Thursday, January 27, 2011

Gozer (The Gozerian)

I told my fiance today that if I ever get another cat (If my 13-year old cat ever dissolves into an angry cloud of swirling, bitter, dust) that I want to name it Gozer (The Gozerian).

Go get her, Ray!

I think this scene brings up a good point for indie authors (see how I worked that in, there?)

I mean, there is a Gatekeeper and a Keymaster (There is no Dana, there is only Zuul!). Obviously, the publishers would be the Gatekeeper (though for digital books I would say that is changing to Amazon and a lagging B&N), but who would be the Keymaster? I'd be inclined to say the readers, as they are the end users of the product - but the more I think about it, the more I think it might be the authors themselves...

Think about it. If an author picks a lame cover, a boring title and puts out a product riddled with errors, people just won't want that product. You can give away crap (sometimes) but people want a good product and they want it affordable. Too inexpensive... and they worry about the quality. Too expensive... and they bypass it via the "this does not meet my impulse buy threshold requirements". In this blooming digital era, the Indie Authors really hold all the Keys they need to be successful.

Does your cover suck? Change it. Title not catchy? Tweak it. Priced too high? Lower it. Priced too low? Raise it. Manuscript errors? Correct it. Story shoddy? Remove it.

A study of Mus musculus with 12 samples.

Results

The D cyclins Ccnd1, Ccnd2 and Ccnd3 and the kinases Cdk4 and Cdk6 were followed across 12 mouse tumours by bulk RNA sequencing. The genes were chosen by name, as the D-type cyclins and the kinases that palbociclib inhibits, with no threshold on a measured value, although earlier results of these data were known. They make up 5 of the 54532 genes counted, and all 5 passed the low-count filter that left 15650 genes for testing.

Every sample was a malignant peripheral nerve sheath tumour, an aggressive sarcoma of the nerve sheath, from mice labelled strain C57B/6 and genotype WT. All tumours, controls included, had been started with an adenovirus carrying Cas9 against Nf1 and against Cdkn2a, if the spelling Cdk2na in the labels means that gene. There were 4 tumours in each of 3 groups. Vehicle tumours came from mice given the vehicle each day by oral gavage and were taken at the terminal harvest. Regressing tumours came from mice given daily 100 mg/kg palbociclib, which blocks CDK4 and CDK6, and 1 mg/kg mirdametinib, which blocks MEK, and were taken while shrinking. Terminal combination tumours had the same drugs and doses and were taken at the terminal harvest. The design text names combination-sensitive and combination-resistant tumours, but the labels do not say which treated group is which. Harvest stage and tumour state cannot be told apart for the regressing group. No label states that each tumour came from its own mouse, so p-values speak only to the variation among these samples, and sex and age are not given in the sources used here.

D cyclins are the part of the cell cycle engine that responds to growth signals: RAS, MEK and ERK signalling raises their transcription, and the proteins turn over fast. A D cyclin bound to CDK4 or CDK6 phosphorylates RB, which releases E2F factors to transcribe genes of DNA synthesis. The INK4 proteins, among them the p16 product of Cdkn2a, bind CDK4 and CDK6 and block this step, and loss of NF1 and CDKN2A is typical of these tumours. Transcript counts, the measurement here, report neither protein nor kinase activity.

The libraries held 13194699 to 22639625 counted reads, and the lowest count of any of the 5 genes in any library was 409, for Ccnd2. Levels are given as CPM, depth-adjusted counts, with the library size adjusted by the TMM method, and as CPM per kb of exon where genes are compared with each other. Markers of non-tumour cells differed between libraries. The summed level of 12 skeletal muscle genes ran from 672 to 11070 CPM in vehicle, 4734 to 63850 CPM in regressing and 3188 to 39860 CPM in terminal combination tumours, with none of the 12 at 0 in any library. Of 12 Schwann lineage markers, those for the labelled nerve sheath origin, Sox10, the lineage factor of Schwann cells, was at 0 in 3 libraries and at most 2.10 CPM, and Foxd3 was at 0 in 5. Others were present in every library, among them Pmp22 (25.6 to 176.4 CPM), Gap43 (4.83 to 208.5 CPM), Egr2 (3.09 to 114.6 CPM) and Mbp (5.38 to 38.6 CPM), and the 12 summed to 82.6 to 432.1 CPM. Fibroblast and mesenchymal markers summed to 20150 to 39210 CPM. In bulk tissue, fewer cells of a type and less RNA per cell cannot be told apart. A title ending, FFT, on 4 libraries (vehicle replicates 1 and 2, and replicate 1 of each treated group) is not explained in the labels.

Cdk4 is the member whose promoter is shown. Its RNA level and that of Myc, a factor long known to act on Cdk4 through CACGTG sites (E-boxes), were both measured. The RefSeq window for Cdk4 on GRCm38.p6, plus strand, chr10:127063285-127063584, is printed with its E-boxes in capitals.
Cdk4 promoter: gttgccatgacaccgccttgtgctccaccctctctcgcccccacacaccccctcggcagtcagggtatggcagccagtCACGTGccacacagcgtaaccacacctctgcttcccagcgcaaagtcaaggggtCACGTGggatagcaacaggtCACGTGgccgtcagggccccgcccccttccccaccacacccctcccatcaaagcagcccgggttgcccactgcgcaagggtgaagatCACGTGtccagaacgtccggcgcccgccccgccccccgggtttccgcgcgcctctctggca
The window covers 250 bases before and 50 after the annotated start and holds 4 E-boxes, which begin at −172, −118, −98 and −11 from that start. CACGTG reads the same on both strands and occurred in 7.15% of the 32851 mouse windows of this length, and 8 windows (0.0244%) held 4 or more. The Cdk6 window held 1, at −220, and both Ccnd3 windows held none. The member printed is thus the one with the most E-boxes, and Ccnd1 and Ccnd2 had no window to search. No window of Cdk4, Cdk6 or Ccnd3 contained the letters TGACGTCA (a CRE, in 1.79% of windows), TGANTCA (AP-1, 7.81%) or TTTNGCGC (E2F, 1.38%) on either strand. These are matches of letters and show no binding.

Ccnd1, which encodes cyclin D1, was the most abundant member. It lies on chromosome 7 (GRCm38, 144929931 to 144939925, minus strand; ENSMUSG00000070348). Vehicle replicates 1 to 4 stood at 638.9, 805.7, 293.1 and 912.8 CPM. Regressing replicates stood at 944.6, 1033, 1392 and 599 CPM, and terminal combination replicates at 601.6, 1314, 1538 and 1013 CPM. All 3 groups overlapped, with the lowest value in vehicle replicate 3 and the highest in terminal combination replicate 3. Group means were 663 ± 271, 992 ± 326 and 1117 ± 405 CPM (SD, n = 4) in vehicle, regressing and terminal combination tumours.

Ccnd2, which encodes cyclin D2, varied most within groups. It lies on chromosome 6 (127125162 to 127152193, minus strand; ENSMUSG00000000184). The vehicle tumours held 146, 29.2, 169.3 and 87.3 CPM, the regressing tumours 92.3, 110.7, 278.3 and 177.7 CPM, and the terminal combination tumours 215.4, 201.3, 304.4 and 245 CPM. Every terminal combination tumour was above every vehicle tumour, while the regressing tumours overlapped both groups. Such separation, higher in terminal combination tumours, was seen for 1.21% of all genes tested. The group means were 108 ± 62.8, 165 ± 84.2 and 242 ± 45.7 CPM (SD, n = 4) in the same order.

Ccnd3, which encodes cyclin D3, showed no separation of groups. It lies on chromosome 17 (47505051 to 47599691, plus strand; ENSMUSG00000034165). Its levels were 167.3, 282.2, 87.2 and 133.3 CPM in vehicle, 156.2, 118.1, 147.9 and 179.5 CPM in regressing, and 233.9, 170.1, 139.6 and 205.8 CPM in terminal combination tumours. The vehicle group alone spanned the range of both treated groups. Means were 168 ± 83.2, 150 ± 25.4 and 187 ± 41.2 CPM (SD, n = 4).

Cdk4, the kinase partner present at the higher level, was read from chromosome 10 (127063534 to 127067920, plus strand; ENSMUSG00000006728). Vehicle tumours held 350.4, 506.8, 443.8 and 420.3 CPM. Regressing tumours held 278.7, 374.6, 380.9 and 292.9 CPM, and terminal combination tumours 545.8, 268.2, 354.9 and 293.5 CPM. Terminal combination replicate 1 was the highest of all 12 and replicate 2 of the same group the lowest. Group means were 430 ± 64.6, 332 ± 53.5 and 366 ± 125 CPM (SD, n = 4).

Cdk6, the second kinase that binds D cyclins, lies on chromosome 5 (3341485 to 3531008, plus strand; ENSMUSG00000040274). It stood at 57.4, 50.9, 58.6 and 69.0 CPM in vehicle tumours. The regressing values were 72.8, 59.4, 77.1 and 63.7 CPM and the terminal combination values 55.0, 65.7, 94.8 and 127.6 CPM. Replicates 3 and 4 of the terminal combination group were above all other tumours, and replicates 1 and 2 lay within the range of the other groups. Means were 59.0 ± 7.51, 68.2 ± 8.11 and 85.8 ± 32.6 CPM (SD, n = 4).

All of these changes can be enacted within 24 hours... some within only a few minutes! That seems like a pretty heavy keyring to me. Putting out a product that we can't be proud of - that is every author's personal Gozer (the Gozerian). WE can choose the form of the Destructor!... and it doesn't even have to be a giant marshmallow man (coughMichelinmancough). It just has to be laziness or incompetence. Both of these can be overcome by acting, learning, or hiring someone to do it for you!

My cousin recently sent me her manuscript and BEGGED me to read it. Great! She's interesting, fun to talk to, so I agreed. I received a copy that another (possibly more than one person) had already interjected about a million comments into via the Word comment tool. After 20 seconds I had a headache and couldn't read it. I have to request a "clean" copy.

Ask yourself: Is my manuscript clean? Does it read well? Did somebod(ies) check my grammar/punctuation? Is my voice unique and representative of me?

Kindles aren't that expensive anymore (especially compared to when I bought mine) *coughearlyadoptercough* I would ABSOLUTELY RECOMMEND (Pay attention now, I just used caps for TWO WORDS in a row!) buying one and testing your file out on it before you release it.

I was having crazy and infuriating spacing errors with my document when I first started. Random paragraphs would be completely tabbed-indented in a big square with no idea where they start or end. There were ridiculous spaces between certain words, etc. I poked about the interwebs for about half an hour (acted, learned) and now my document looks quite clean and understandable. I even learned how to make a linked ToC (that even connects to the ToC function on the Kindle).

My mother-in-law-to-be got a Nook Color for Christmas. Before I release my book to PubIt, do you know where I'll be? (Hint: At her house checking my file!)

So Indie Authors: Master your Keys and Go Get Her, Ray!

And remember: If anyone asks you if you're a god... you say YES!